Agrium Inc. (TSX: AGU)(NYSE: AGU) investors have been along for a wild ride recently. In early October, Agrium shares declined sharply to a 2014 low due to the company guiding its Q3 2014 earnings downward to $0.45-$0.55 per share, away from the analyst consensus estimate of $0.64 per share. On Friday, shares suddenly skyrocketed from around $96 to a high of $105 before pulling back slightly. The reason? Activist investors ValueAct Capital revealed they acquired a 5.7% stake in Agrium, purchasing 8.2 million shares over the past two months. This is not Agrium’s first experience with activist investors. Here’s what…
On Friday, shares suddenly skyrocketed from around $96 to a high of $105 before pulling back slightly. The reason? Activist investors ValueAct Capital revealed they acquired a 5.7% stake in Agrium, purchasing 8.2 million shares over the past two months.
This is not Agrium’s first experience with activist investors. Here’s what you need to know and how you should react.
Agrium has had a difficult history with activist investors
In 2013, Agrium won a bitter 10-month feud with hedge fund activist investors Jana Partners, who wanted to install board members and make several fundamental changes to Agrium’s business structure and operations, including splitting its fertilizer and wholesale businesses into separate entities to unlock value. Jana suggested Agrium’s retail segment was highly undervalued, and over $28 per share in value could be added by separating retail from the commodity focused wholesale division weighing it down.
Jana’s analysis was widely questioned, and they were ultimately unsuccessful in electing any members to Agrium’s board. It is questionable if ValueAct has such radical ambitions for Agrium.
What is not questionable is that ValueAct taking a large position signals to investors that Agrium has value that can be unlocked. ValueAct focuses largely on taking long-term positions in companies it believes are fundamentally undervalued.
Based on ValueAct’s and Agrium’s statements, as well as on the many constructive changes Agrium made post-Jana, it appears ValueAct may be taking a more conservative role in Agrium, and ValueAct’s interest can be seen as confirmation that Agrium will see excellent growth going forward. The question is: should you buy on this news?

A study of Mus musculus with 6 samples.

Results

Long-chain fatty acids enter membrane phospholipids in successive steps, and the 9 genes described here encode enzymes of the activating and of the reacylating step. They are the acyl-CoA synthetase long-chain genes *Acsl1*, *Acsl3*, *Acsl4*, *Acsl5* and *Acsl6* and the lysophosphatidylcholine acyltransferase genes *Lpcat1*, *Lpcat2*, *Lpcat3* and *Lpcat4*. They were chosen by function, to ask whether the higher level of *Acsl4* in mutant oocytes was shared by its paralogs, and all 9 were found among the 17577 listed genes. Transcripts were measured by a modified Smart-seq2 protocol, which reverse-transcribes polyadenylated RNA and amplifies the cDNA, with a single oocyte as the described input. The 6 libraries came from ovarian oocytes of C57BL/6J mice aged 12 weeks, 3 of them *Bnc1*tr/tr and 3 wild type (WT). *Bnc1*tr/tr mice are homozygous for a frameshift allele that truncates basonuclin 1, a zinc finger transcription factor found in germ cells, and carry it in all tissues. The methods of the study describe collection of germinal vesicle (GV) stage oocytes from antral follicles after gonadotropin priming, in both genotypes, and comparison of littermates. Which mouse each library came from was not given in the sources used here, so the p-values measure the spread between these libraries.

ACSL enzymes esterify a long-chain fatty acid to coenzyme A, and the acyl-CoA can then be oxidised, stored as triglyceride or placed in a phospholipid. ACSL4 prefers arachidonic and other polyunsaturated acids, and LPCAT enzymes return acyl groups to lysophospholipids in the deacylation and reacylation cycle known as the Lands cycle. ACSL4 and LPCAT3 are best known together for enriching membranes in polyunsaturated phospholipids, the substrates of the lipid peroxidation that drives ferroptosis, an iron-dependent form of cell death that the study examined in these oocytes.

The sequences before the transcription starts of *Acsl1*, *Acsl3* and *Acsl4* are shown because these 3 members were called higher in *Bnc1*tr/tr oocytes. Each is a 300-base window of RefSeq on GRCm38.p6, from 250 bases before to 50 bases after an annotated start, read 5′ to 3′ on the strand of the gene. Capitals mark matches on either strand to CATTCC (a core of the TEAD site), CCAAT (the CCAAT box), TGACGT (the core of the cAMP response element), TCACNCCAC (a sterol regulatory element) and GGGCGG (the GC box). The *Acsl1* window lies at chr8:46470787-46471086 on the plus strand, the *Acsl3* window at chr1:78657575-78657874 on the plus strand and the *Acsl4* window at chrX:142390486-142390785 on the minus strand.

Even at recent prices, Agrium is still a buy
Agrium and ValueAct have had multiple meetings since ValueAct took its position, and according to Agrium, ValueAct made no indication of radical plans, and is interested in Agrium as a long-term investment. It sees Agrium as an undervalued play with strong long-term growth, with a stable retail business that complements the wholesale business.
This was corroborated by ValueAct CEO Jeffrey Ubben, who also stated that he expects Agrium’s free cash flow to explode over the next several years, and expects significant return on capital and improved crop prices in 2016 and beyond.
In other words, ValueAct seems interested in the potential Agrium’s current corporate form offers.
This analysis would be a sound one. Much of Agrium’s recent difficulties, including its Q3 2014 downward earnings guidance, are due to short-term issues influencing earnings. One of these issues is the shutdown of Agrium’s Vanscoy potash mine in order to tie in its $1.8 billion expansion, which is expected to add 40% to Agrium’s potash production, eventually increasing it to 2.8 million tonnes per year.
This turnaround, originally planned for 14 weeks, had to be extended for several weeks due to a prior mechanical failure on the main hoist system. Lower production combined with higher fixed costs is expected to produce a $40 million loss for potash the second half of 2014, influencing total earnings.
Lower earnings due to capital projects are working together with weak macroeconomic conditions, such as poor crop prices and weak fertilizer prices, to produce the poor earnings guidance.
Fortunately, these macroeconomic conditions are expected to improve moving into 2015. In addition, Agrium will have completed all of its major capital projects by 2015, which will result in significant reductions in capital expenditures, increased production, and therefore sharp increases in free cash flow and earnings.
The earnings 10% annual earnings growth that will occur is not adequately reflected in Agrium’s relatively low price-to-earnings ratio of 15.3, and even at a share price of almost $105, buying at these levels or waiting for a slight pullback to the $100 region is a wise choice.